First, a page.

Marine Harvest anti-lice arsenal grows in BC


The company is hoping a Hydrolicer being put into use in April and the arrival of a freshwater treatment vessel from Norway will offer more tools for its fish-health staff in the battle against pervasive sea lice. Both machines are new to the market and completely new in Canada, which has seen its fair share of sub-arctic lice.

Used in Europe, the Hydrolicer uses water pressure to gently pry lice off of salmon before recapturing the pests for destruction.

“We won’t accept anything less than a quick and safe process,” Gerry Burry, Marine Harvest Canada’s R&D lead for the Hydrolicer project was quoted as saying in a company publication.

Treatment vessel
This first use of the Hydrolicer in April is to be followed in the third-quarter of 2018 by the late arrival of the brand-new, 75-meter vessel from DESS Aquaculture Shipping, a joint venture of Marine Harvest and Deep Sea Supply. It’ll bathe salmon free of lice and provide compartmentalized hydrogen-peroxide treatments for gill repairs and sea-lice removal.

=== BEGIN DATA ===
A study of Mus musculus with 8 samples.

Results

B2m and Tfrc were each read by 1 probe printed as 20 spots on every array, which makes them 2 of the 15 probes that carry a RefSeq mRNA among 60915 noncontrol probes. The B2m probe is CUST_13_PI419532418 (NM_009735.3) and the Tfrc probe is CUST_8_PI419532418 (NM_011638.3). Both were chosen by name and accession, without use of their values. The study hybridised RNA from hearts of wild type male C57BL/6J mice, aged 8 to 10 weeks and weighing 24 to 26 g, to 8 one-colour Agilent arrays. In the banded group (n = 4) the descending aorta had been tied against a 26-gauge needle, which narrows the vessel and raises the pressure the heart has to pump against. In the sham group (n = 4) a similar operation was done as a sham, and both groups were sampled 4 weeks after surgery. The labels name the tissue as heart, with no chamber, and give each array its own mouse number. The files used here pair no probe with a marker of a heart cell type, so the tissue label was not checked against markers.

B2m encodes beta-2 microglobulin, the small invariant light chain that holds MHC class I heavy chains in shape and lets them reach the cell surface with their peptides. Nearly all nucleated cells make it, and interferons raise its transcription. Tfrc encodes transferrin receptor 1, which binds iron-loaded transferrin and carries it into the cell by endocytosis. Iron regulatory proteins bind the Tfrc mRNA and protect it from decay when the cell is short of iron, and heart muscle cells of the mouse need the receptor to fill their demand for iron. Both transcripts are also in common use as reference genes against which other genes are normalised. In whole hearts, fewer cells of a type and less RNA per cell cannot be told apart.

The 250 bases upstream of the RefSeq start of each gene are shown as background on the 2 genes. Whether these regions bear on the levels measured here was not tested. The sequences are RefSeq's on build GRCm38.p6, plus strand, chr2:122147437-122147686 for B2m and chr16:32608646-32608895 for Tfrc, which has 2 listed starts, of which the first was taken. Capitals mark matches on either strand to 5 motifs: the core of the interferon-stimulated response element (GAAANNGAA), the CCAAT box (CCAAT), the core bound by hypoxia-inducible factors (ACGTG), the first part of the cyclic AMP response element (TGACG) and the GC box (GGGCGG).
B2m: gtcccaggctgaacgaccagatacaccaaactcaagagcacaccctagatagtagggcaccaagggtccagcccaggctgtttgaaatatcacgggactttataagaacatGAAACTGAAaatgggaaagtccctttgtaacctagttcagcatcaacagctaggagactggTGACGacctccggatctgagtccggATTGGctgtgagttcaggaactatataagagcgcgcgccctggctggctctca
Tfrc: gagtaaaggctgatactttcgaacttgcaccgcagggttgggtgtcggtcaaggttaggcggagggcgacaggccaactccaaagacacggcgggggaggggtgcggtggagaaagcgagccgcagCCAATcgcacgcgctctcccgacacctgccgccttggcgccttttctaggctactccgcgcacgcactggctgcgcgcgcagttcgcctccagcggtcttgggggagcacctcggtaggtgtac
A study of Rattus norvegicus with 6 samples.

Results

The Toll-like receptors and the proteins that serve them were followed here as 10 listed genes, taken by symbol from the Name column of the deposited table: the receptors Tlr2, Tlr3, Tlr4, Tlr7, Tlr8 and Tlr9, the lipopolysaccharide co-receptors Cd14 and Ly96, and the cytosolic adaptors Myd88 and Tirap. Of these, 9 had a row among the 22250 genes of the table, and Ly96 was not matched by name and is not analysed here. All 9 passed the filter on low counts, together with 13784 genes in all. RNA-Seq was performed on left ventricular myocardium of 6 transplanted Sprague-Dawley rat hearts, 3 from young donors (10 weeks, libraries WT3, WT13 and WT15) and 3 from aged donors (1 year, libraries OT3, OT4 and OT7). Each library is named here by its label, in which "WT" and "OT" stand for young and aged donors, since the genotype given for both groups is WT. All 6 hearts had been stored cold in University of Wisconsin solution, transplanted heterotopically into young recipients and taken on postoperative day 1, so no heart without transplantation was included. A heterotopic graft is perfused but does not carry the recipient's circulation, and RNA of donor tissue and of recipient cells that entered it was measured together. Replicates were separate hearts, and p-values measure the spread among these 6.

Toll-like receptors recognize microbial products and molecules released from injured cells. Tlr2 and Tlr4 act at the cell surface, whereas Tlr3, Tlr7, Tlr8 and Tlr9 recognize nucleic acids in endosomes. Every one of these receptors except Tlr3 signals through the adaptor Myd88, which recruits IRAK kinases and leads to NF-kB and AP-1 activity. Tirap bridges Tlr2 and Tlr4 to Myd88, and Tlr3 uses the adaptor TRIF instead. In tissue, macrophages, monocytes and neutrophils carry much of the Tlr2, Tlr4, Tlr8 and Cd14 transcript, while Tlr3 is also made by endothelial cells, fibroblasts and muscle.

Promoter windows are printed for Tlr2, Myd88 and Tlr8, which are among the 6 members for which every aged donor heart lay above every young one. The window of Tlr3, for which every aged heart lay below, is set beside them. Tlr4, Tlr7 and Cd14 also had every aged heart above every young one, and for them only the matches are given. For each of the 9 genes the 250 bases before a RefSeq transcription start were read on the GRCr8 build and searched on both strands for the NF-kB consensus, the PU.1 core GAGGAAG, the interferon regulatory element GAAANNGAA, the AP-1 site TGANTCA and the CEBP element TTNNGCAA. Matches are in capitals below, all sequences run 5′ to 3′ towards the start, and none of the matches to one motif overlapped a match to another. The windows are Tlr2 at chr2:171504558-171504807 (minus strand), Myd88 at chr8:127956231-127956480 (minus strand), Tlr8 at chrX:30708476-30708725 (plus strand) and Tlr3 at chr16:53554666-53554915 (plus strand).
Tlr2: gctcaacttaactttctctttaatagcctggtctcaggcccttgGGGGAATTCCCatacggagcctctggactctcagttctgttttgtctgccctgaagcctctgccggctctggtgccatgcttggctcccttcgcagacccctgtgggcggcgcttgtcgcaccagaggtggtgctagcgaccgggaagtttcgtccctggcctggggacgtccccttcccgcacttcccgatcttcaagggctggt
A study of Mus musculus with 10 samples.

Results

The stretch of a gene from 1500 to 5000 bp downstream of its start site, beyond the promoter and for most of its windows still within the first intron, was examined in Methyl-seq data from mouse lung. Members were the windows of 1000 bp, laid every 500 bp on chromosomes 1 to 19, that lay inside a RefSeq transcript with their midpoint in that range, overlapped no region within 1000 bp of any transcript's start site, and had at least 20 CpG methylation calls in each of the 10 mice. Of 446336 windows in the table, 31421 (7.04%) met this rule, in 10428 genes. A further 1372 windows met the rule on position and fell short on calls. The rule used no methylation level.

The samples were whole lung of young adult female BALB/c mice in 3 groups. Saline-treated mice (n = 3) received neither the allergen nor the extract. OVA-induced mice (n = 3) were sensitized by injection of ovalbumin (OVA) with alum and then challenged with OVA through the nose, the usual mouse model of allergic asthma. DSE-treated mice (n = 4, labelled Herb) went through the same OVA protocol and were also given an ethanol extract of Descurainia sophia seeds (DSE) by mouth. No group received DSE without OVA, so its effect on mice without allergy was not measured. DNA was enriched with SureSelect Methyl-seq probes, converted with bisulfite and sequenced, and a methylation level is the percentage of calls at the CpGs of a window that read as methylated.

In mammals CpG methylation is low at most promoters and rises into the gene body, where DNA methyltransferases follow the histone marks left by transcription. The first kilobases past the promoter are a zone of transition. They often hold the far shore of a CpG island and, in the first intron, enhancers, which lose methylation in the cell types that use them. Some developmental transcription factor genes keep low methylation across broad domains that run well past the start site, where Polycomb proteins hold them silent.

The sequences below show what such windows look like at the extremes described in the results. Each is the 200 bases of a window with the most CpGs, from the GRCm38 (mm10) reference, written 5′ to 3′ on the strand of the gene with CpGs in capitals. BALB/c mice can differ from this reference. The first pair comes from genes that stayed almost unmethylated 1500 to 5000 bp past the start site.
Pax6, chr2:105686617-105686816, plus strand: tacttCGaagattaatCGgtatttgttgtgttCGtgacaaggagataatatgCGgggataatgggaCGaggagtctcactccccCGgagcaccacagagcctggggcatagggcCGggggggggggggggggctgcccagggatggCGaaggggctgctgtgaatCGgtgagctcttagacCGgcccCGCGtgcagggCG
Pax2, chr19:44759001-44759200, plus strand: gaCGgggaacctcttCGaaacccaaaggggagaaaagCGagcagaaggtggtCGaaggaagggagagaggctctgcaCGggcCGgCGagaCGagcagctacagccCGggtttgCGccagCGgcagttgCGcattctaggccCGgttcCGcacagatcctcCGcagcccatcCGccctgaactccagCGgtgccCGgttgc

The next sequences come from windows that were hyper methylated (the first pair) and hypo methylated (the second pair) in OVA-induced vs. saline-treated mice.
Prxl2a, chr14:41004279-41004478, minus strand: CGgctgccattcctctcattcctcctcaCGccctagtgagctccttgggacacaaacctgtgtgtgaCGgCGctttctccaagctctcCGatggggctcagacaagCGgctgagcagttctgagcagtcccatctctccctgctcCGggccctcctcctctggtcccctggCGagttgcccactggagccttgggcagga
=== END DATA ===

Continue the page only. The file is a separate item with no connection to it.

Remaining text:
Trond Erling Andersen of DESS confirmed for SalmonBusiness that the new treatment boat is due to arrive in the Vancouver area in late-September or early October. The new-build, Aqua Tromoy, will be re-flagged to Canada’s registry and renamed, Blue Revolution.

Andersen said the ship will have a simpler version of a dynamic positioning system onboard, and it’ll be crewed mostly from Marine Harvest’s existing staff. Transport Canada will decide exactly how many crew, although the vessel is designed to have 10 onboard.

Lice under-control
The USD 27-million vessel is expected to help cut down on lice numbers, although just one of Marine Harvest’s farms fifty farms in BC, at Hardwicke Island, showed overly high lice counts on fish. It was made fallow in December 2017.

In the warmer month of July 2017, all of Marine Harvest’s BC farms showed lice levels of less-than-three per fish — favourable numbers on both sides of the Atlantic.

“This fish health strategy also helps to meet standards set by the Aquaculture Stewardship Council, a certification system that Marine Harvest has committed to achieve at all regions by 2020,” company literature said, although it was the first to achieve ASC salmon certification in North America in 2015.

“Simply put, this (freshwater treatment vessel) is a game changer for our business,” Vincent Erenst, Marine Harvest Canada’s managing director, is quoted as saying.

“This vessel allows us to provide freshwater therapy regularly to all our salmon.”